Back in 1938, the head of a wallet manufacturing company in Lockport, New York thought it’d be a great idea to show how well his new wallets could hold the then-new Social Security cards being issued to Americans. His sample card used his secretary’s real social security number (078-05-1120) and as you can guess, caused some trouble for her.
Hilda Schrader Whitcher was the unlucky secretary, who at first only had to deal with the light teasing of her co-workers for her newfound fame. But as people started to use it fraudulently, things started to become more serious. She even got a knock on the door from the FBI asking why her social security number was being used so often. She had to explain how her number had gotten released into the world through a wallet that any old person could pick up at Woolworths — a popular chain store of the time.
It’s estimated that over 40,000 people have used the number for fraud in some capacity. The social security system was still so new that in 1941, The New Yorker speculated that some people who purchased the wallets maybe believed that the social security number became theirs when they bought the wallet. The first social security cards had been issued just five years earlier.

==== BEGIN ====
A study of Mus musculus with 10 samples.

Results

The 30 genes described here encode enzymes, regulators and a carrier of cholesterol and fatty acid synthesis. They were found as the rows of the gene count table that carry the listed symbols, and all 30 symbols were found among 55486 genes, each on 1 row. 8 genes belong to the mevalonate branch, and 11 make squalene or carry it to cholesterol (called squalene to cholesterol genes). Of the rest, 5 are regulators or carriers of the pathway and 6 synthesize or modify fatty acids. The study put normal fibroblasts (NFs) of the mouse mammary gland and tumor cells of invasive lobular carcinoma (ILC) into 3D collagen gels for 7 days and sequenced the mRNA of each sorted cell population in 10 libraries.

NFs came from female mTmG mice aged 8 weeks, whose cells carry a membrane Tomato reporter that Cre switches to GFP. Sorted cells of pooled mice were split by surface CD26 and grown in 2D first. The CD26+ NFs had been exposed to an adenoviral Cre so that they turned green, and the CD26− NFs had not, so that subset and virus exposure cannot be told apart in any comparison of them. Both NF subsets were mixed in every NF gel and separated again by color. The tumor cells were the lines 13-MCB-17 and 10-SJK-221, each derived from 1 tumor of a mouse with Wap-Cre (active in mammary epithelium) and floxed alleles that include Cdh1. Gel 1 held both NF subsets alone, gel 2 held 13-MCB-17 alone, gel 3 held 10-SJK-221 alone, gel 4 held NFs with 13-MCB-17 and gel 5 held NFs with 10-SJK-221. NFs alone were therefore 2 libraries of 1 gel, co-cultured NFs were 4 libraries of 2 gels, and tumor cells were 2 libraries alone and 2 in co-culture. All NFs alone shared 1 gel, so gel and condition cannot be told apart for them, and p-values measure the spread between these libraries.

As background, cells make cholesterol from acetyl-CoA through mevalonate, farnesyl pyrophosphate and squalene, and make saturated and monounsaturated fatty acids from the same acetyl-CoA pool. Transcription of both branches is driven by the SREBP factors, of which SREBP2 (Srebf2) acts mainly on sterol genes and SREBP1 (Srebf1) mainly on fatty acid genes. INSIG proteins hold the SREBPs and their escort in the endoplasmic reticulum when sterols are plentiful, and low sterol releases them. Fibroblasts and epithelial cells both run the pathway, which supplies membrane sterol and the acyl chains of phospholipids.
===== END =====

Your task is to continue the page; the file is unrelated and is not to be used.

At the infamous number’s peak use in 1943, the Social Security Administration estimates that 5,755 people were using Whitcher’s number. Ultimately, the SSA just voided the number and gave her a new one. There are other stories of real Social Security numbers finding their way into the world to be abused by large numbers of people, but Whitcher’s remains the most widely abused, probably because the entire program was so new and daunting for people of the time.
You can read more about this story from the Social Security Administration.
Image: Social Security cards in 1940 via AP
Factually is Gizmodo’s new blog of fun facts, interesting photos, and weird trivia. Join us on Twitter and Facebook.